FIBAUSA Basketball officially announced the 28-man pool of NBA stars who will participate in the next three-year cycle of Team USA, which includes competition at the 2014 FIBA World Cup and the 2016 Summer Olympics in Rio De Janeiro. A third competition — FIBA Americas in 2015 — is only in play if Team USA doesn’t win the World Cup this summer, which isn’t happening…right? RIGHT?

Well, probably right. But in order to win, they have to build a roster that is ideal for international play. For some reason, I find constructing FIBA rosters to be somewhat enjoyable. It’s a completely different brand of basketball (some modifications have brought the NBA and the international game closer together, but a huge chasm remains), and you can’t build rosters with the mentality of just running the other team off the court — because, NEWSFLASH, it’s not 1992 anymore.

So, let’s focus on 2014, because that will have the most new faces. We’ll start with the people who will be sitting out this summer:

LeBron James: Too much wear and tear after possibly four trips to the Finals. Also, he’ll probably be on the 2016 Olympic team.

Derrick Rose: Recovering from injury, although I have a feeling he may still work out with them this summer, as training camp isn’t until July.

Carmelo Anthony: He’s already said he won’t play this summer, but one has to think he’ll play in 2016 to finish a storied USA Basketball career that dates back to 2004. Both he and LeBron could end up with three Olympic gold medals — the first players to ever accomplish that feat.

That leaves 25 other players to fill 12 roster spots. One thing to keep in mind here is that these picks are based on the assumption that everyone is healthy. Also, USA Basketball uses the World Cup (formerly World Championship) to introduce a lot of new players to international competition. If you recall, no Olympians from 2008 were on the 2010 roster. This summer will be a mix of former Olympians and rookies:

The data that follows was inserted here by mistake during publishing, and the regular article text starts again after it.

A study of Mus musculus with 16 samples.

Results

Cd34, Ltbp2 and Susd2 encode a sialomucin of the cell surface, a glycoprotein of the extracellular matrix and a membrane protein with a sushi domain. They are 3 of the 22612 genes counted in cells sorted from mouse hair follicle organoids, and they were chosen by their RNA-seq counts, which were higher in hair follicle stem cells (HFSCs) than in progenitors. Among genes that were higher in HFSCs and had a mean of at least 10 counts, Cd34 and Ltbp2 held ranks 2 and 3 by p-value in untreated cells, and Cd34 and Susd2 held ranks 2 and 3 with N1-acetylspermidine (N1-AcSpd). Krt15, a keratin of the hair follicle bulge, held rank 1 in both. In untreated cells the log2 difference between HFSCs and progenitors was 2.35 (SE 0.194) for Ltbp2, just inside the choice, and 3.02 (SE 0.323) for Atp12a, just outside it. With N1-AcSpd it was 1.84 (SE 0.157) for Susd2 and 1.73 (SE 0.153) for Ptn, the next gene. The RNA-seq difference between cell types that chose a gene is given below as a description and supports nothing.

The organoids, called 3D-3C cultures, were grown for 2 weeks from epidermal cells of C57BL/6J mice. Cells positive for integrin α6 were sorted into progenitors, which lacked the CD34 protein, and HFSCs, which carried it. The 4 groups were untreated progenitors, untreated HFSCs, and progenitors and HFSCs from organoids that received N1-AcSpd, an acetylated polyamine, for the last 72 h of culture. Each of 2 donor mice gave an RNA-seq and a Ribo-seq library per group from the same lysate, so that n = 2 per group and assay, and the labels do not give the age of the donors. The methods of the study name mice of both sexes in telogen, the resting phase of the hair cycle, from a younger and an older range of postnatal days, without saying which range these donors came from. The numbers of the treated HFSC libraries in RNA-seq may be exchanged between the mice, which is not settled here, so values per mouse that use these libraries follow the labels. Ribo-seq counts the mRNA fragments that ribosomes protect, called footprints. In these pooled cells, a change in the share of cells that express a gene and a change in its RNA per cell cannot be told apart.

Kevin Durant/Love: Both announced their participation last summer, and both are veterans of the two most recent competitions.

Anthony Davis: The 12th man on the 2012 Olympic squad, so he has international experience. His quick development and skill set has turned him into a FIBA wet dream. He can defend the rim as well as anyone, is a pick-and-roll whiz, and can stretch the floor on offense. His presence down low will help tremendously for a team used to only having one rim protector. Speaking of which…

…Rim Protector X: This will depend on what USA Basketball values more: experience, or introducing a young player into the system. If it’s the former, it’s Dwight Howard or Tyson Chandler. If it’s the latter, it’s Andre Drummond. One of those three will suffice. (By the way, if you’re wondering where Roy Hibbert is, he’s tied to the Jamaican national team).

LaMarcus Aldridge: He has never made a roster for international competition, but it’s not for lack of trying. He’s similar to Davis in that he can stretch the floor on offense, which is required of a power forward. This selection is partially a reward for paying his dues in training camps, and partially because he’s better for FIBA play than the alternative (Blake Griffin).

Paul George: A no-brainer selection who is part of that “Next Gen” group that will play in the next two or three international competitions.

Andre Iguodala: The ball-stopping ace who was a whirling dervish in defensive lineups in 2012. His athleticism and ability to defend passing lanes will come in handy again. Doesn’t need (or even wants) the ball in his hands on offense, which, believe me, is a plus. Also, a veteran of two competitions.

James Harden: Getting back to his Oklahoma City roots, the perfect 6th Man for this team. The combination scorer and ball handler they need.

Stephen Curry: The FIBA three-point line is basically a layup for Curry. He will be on the team.

Russell Westbrook: He falls under the category of “if he’s healthy”, but if he is, he’s the right type of point guard needed for the physical play on the perimeter.

Damian Lillard: Chris Paul and Deron Williams aren’t going to be around forever, so one is going to have to sit out in favor of injecting new blood at point guard. There are enough defenders around Lillard to cover his liability on that end, and he can score with the best of them.

Deron Williams: Sorry, I’ve always preferred his size and physicality in FIBA over Chris Paul. If you’re a fan of CP3’s leadership, trust me, there’s plenty of leadership on whatever team is sent over to Spain.